Everyone likes to take advantage of tax benefits whenever they can. But when new players start using tax-favored vehicles for questionable purposes, it threatens not just those new players but also those who've used the tax breaks for decades.
That's what Goldman Sachs may be doing to business development companies. Last week, the investment bank said in an SEC filing that it was approaching an initial public offering of shares in its Goldman Sachs Liberty Harbor Capital unit, which it will structure as a BDC in part to "take advantage of specified reduced reporting and other burdens that are otherwise applicable generally to public companies." Those words should strike fear into investors in BDCs that lack those motives, as the scrutiny that a Goldman investment can bring could jeopardize the entire industry.
What's a BDC?
Business development companies are publicly traded entities that invest the bulk of their capital in privately held investments. Different BDCs hold different types of assets, ranging from term loans and closely held traditional and convertible bonds to unregistered equity securities. With a willingness to invest both in senior debt and subordinated debt, BDCs often help bridge the gap that a company faces between the time it gets its initial financing and when it's ready to turn to the public capital markets for the money it needs to expand further.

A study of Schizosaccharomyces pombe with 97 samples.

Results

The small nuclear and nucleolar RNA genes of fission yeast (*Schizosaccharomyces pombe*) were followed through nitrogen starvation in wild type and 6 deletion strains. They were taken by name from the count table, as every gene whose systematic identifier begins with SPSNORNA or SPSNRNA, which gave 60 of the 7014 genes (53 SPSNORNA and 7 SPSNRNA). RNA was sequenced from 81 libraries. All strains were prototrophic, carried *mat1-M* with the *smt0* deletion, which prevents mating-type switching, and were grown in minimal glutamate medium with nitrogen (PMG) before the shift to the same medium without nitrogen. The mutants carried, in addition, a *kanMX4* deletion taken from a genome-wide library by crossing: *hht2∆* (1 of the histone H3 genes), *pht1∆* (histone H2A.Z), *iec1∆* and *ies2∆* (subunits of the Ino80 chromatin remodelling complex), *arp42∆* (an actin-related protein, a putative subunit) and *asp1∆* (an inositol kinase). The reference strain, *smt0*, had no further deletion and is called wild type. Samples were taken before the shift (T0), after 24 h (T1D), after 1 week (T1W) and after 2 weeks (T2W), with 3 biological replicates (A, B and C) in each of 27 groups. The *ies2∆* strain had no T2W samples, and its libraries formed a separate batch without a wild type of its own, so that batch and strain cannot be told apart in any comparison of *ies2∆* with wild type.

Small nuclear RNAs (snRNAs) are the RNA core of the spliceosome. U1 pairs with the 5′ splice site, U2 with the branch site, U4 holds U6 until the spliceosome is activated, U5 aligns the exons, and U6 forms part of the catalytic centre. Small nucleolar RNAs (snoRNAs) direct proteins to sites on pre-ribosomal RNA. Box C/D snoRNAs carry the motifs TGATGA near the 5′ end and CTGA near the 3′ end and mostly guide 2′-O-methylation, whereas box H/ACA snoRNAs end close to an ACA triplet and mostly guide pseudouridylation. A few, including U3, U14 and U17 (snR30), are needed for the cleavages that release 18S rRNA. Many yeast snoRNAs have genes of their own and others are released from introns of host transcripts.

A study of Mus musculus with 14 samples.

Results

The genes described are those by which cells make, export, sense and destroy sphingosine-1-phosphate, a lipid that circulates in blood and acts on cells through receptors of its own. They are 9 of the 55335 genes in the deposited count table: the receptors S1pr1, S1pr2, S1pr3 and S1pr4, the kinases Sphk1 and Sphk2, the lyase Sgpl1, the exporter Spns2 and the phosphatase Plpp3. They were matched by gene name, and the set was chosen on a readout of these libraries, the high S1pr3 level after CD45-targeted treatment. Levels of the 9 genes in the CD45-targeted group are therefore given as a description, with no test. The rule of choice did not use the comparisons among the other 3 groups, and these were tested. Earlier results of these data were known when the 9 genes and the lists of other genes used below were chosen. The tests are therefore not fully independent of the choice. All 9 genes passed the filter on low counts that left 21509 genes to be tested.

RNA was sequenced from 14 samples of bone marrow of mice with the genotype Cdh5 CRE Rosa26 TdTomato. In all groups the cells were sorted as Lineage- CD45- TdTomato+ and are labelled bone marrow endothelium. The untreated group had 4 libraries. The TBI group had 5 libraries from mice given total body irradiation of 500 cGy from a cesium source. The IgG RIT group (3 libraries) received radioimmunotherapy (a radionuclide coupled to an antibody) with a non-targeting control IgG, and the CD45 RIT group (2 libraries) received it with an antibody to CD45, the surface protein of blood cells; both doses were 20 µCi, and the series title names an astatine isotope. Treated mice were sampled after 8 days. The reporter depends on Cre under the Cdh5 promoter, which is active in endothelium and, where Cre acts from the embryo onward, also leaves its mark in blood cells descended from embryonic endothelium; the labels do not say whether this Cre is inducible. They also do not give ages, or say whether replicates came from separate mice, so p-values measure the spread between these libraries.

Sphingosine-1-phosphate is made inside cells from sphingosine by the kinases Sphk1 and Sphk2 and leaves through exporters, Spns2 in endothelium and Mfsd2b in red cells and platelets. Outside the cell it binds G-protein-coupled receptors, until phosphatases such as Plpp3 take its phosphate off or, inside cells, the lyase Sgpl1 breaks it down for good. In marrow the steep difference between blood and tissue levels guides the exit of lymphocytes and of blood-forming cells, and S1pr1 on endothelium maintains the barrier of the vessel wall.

BDCs also get a tax break from the IRS. As long as they meet the requirements of their BDC status, they don't have to pay corporate-level tax.
The key requirement for investors is that BDCs have to distribute 90% of their income to their shareholders. That has produced extremely high yields for shareholders, with Prospect Capital yielding more than 12% at current levels and rivals Ares Capital and Apollo Investment in the 9% to 10% range.
What's at stake
These three BDCs and many others look like what lawmakers would have intended in creating the special BDC provisions. Ares provides capital to more than 150 different companies, with positions of various sizes. Prospect focuses largely on middle-market companies like Totes Isotoner, reaping higher yields but with arguably more risk by taking on equity exposure. Like Ares, Apollo tends to hold more loans and other debt, with some well-known companies like Ceridian and Aveta within its portfolio.
By contrast, Goldman's BDC is somewhat of an affront to lawmakers' intent. With a stated purpose to reduce disclosure responsibility, Goldman is likely to raise questions not just about Liberty Harbor Capital but the entire class of business development companies.
The move also comes at an unfortunate time, as the federal government looks for ways to cut its budget deficit. Other pass-through tax entities, such as master limited partnerships, have seen threats appear to their favored tax status. So far, Congress has taken no action, but the threat increases whenever an entity is arguably misused.
What BDC investors should do
For now, BDCs aren't likely to lose their tax-favored status. But you'll want to keep an eye open to developments on the tax front. If Goldman's BDC gets bad press, it could lead to an examination of the entire structure that could end up costing you money.